Locals know how to pronounce the names of places, because they've often heard other people say them. Outsiders often get them wrong, because they rely on the spelling, which may be ambiguous and misleading.
Yesterday’s parliamentary debate on the collapse of the carbon capture scheme at Longannet was a case in point. Dictionaries will tell you that there is no ɡ in the pronunciation of this name. It is lɒŋˈænɪt (with appropriate possible variation in the exact vowel qualities). I don’t know the etymology, but this suggests that it consists morphologically of long plus Annet. The lack of phonetic g is parallel to its absence in long odds or long overdue. The only people from whom we would expect a velar plosive are those with the local accent of the patch of northwest England in which singer rhymes with finger.
But as I listened to Today in Parliament (BBC R4) yesterday evening I noticed that Chris Huhne and other MPs were calling it lɒŋˈɡænɪt, as if the second element were gannet. Huhne was born in an ‘affluent’ part of London and attended the fee-paying Westminster School. So an RP speaker, then. (It appears that his mother was an actress who supplied the voice for the speaking clock.)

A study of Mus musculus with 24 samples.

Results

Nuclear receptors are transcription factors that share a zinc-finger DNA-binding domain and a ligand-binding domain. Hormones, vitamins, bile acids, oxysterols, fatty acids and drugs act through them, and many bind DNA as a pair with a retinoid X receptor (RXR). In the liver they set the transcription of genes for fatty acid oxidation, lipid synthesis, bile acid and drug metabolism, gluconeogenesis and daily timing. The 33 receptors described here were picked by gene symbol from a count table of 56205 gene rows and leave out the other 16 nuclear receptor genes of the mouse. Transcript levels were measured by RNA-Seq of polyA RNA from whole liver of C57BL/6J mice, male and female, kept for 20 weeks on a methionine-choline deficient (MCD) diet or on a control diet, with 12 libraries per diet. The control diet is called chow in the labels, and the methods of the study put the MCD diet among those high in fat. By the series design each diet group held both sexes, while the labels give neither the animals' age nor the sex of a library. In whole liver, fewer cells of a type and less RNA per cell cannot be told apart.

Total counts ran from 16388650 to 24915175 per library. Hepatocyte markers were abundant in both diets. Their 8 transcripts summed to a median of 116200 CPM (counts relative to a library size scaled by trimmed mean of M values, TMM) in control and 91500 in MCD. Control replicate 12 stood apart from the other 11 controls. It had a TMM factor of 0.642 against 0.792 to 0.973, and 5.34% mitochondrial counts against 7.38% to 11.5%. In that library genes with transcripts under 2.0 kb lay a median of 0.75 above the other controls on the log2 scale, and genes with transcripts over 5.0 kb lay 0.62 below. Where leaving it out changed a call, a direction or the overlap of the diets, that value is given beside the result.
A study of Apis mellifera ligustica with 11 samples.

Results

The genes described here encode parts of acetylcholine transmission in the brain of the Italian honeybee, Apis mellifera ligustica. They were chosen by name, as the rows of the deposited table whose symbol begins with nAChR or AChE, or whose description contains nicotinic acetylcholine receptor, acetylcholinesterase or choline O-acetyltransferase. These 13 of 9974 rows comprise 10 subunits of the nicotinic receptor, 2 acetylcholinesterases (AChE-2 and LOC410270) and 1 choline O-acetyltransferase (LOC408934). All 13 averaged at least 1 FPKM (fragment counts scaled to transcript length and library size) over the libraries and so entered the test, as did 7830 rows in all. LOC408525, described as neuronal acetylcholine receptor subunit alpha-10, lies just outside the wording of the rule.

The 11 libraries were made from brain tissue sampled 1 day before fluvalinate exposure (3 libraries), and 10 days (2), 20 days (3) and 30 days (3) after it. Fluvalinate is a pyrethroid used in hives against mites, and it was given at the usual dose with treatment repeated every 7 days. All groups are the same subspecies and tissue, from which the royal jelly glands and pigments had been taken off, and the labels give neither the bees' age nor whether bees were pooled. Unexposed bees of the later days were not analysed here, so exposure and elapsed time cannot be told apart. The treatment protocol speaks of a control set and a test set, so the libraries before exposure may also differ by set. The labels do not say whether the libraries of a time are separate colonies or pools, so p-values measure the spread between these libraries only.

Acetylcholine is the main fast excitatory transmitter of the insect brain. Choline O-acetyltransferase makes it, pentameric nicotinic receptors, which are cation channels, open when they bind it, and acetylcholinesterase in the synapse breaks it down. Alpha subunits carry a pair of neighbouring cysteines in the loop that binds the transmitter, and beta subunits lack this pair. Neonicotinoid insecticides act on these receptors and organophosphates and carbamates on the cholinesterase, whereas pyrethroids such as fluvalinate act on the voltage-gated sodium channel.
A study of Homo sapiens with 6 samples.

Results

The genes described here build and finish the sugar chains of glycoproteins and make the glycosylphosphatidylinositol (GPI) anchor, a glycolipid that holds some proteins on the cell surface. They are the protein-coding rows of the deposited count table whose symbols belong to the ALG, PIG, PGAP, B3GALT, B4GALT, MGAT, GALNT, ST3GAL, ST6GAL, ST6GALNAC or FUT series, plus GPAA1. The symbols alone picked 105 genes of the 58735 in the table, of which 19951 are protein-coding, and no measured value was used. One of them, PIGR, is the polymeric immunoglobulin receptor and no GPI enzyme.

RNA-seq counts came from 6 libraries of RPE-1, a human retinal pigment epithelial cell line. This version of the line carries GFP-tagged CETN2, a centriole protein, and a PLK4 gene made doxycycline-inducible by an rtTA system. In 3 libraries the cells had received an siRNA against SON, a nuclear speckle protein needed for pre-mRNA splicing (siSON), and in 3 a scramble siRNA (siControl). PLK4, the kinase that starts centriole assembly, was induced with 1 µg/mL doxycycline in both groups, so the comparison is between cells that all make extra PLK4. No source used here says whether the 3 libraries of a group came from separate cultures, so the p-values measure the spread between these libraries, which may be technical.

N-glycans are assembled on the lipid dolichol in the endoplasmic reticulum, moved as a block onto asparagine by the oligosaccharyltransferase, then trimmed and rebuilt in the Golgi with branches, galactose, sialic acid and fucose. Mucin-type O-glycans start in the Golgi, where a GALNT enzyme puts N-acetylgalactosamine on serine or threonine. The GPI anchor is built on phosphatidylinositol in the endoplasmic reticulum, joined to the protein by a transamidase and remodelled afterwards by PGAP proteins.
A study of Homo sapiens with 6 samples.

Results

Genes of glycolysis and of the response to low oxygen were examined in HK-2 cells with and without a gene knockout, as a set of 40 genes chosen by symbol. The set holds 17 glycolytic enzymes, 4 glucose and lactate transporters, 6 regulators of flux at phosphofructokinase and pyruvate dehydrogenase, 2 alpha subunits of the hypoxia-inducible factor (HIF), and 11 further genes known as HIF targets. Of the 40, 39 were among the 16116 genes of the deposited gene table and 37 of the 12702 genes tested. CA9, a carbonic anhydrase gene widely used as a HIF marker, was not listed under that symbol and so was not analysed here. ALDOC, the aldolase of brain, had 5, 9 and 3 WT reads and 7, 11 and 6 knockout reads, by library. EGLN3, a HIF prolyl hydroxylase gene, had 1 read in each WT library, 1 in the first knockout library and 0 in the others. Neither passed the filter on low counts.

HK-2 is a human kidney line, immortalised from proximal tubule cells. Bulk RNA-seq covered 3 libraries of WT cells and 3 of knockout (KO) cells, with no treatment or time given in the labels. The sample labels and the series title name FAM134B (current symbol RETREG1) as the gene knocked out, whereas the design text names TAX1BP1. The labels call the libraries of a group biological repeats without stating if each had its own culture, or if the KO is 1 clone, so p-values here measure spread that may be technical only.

There’s a good television clip here (sorry if it’s not available in your country). On it you hear both the Scottish reporter, several times, and a local manager pronounce Longannet without g, but Chris Huhne pronounce it with.
Another Scottish -ng- trap is Kingussie. It looks as if it ought to be kɪnˈɡʌsi (or kɪŋ-). But it isn’t, it’s kɪŋˈjuːsi. According to Wikipedia, it’s from Gaelic Ceann a' Ghiuthsaich ˈkʲʰaun̴̪ ə ˈʝuːs̪ɪç. (I think that’s a better order for the diacritics on k than the kʰʲ you see in Wikipedia: the palatalization applies to the whole initial plosive, aspiration only to its release.)